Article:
Record Display for the EPA National Library Catalog

RECORD NUMBER: 9 OF 11

OLS Field Name OLS Field Data
Main Title NMDA Antagonist, MK-801, Suppresses Long-Term Potentiation, Kindling, and Kindling-Induced Potentiation in the Perforant Path of the Unanesthetized Rat.
CORP Author Northrop Services, Inc., Research Triangle Park, NC.;Health Effects Research Lab., Research Triangle Park, NC.
Publisher c1990
Year Published 1990
Report Number EPA/600/J-90/170;
Stock Number PB91-116087
Additional Subjects Pharmacology ; Evoked potentials ; Amygdala ; Synapses ; Reprints ; MD-801 ; Kindling(Neurology) ; N-methyl-d-aspartate ; Long-term potentiation ; Drug antagonism
Holdings
Library Call Number Additional Info Location Last
Modified
Checkout
Status
NTIS  PB91-116087 Most EPA libraries have a fiche copy filed under the call number shown. Check with individual libraries about paper copy. NTIS 03/04/1991
Collation 10p
Abstract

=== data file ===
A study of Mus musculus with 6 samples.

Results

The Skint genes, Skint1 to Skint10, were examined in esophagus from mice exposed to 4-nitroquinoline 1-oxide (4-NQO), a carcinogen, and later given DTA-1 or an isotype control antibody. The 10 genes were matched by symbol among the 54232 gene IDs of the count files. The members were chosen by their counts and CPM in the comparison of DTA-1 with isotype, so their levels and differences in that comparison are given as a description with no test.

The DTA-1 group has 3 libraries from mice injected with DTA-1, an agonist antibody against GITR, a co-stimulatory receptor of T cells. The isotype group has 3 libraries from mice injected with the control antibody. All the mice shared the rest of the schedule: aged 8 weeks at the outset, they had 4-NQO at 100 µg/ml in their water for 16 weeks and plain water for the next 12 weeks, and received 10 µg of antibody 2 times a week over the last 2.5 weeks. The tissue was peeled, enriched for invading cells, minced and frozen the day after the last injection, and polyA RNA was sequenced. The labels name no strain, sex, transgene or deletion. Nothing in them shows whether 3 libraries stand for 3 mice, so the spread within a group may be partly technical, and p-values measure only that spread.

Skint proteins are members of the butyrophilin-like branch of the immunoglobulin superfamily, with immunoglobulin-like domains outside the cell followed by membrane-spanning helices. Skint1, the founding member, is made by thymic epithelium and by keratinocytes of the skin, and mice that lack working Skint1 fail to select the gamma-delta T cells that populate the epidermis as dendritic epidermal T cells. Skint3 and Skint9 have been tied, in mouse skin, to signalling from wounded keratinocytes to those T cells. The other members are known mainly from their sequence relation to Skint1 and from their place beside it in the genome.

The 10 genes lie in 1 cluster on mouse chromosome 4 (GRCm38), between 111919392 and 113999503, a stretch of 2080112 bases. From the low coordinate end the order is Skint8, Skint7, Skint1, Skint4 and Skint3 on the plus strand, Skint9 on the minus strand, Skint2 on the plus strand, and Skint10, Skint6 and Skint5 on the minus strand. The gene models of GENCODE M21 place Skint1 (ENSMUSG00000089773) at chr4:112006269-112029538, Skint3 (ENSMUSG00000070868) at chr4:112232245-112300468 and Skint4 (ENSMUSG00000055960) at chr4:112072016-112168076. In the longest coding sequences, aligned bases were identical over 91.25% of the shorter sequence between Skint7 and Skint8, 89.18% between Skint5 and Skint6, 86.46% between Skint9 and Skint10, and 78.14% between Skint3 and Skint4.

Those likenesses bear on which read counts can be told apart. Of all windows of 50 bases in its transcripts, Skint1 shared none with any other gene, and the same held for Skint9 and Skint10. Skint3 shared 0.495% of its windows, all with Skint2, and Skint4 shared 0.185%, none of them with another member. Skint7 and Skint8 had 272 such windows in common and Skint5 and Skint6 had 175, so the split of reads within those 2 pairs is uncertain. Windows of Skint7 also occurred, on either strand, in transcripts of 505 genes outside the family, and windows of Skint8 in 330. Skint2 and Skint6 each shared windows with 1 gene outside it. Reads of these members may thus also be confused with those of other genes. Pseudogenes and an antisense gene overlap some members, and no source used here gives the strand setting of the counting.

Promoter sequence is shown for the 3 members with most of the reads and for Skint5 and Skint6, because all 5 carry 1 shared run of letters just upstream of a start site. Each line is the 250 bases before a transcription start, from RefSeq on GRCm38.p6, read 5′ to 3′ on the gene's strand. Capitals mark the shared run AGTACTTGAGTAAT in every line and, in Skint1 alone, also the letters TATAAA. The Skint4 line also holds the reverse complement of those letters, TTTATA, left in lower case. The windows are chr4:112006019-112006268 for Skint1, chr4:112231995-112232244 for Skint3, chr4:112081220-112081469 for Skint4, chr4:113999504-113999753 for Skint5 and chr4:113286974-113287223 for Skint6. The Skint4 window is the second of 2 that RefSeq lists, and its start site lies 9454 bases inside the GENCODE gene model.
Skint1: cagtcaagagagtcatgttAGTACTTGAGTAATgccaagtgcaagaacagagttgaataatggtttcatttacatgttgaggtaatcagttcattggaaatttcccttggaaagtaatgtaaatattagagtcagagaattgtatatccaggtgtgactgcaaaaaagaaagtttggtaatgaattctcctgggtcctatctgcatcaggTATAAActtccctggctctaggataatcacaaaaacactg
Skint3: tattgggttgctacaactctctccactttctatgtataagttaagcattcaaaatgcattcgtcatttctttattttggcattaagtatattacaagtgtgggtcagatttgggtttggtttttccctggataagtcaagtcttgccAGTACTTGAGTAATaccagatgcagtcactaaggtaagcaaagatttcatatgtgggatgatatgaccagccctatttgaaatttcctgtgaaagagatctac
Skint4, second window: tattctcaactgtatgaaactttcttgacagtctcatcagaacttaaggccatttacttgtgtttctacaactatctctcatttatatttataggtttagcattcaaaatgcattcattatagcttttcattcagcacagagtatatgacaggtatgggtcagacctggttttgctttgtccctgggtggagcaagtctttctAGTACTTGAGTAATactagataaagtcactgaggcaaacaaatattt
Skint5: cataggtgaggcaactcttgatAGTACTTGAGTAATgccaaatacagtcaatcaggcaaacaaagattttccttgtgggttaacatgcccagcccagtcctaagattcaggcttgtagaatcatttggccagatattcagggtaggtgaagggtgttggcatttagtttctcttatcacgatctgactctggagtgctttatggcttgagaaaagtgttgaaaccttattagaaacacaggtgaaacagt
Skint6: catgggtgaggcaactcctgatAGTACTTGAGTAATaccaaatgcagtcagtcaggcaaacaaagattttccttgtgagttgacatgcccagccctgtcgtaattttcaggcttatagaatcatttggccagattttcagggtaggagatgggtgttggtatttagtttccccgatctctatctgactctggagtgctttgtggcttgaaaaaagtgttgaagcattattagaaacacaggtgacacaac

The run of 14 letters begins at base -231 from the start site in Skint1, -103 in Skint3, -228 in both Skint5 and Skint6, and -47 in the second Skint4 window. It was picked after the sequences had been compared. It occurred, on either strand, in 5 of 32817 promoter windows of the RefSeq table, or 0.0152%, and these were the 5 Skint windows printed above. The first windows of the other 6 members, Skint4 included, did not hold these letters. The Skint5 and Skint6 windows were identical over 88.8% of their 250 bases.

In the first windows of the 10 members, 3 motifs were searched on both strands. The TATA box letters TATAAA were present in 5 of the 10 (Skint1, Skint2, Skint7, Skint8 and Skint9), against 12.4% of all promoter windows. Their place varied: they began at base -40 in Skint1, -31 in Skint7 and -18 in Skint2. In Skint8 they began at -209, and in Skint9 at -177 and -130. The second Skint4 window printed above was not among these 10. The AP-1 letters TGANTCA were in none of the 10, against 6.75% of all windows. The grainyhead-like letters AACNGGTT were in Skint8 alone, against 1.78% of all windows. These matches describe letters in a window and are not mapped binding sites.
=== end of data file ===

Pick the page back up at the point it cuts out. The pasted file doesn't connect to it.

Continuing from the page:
Antagonism of NMDA-mediated transmission by MK-801 has been shown to block long-term potentiation (LTP) in vitro and delay electrical kindling of the amygdala. The experiment sought to examine the relationship between synaptic potentiation of the perforant path-granule cell synapse and development of perforant path kindling. MK-801 (0.1 and 1.0 mg/kg) blocked induction of LTP of the perforant path in the unanesthetized animal measured 24 h after train delivery. The 1.0 mg/kg dosage also increased afterdischarge (AD) thresholds, delayed kindling development from daily stimulation of the perforant path (x = 8.82 + or - and 22.9 + or - 3.66 sessions to the first stage 5 seizure), and increased AD durations. Kindling produced a significant potentiation of the EPSP (47%) and population spike (49%) after the first evoked AD in control animals. No significant enhancement of either component of the field potential was observed in MD-801-treated animals. Animals treated with this dosage of MD-801, did, however, kindle in the absence of potentiation at this synapse. It was concluded that although NMDA-mediated potentiation may facilitate kindling, synaptic potentiation does not appear to be a critical requirement for kindling to develop. (Copyright (c) 1990 Elsevier Science Publishers B.V.)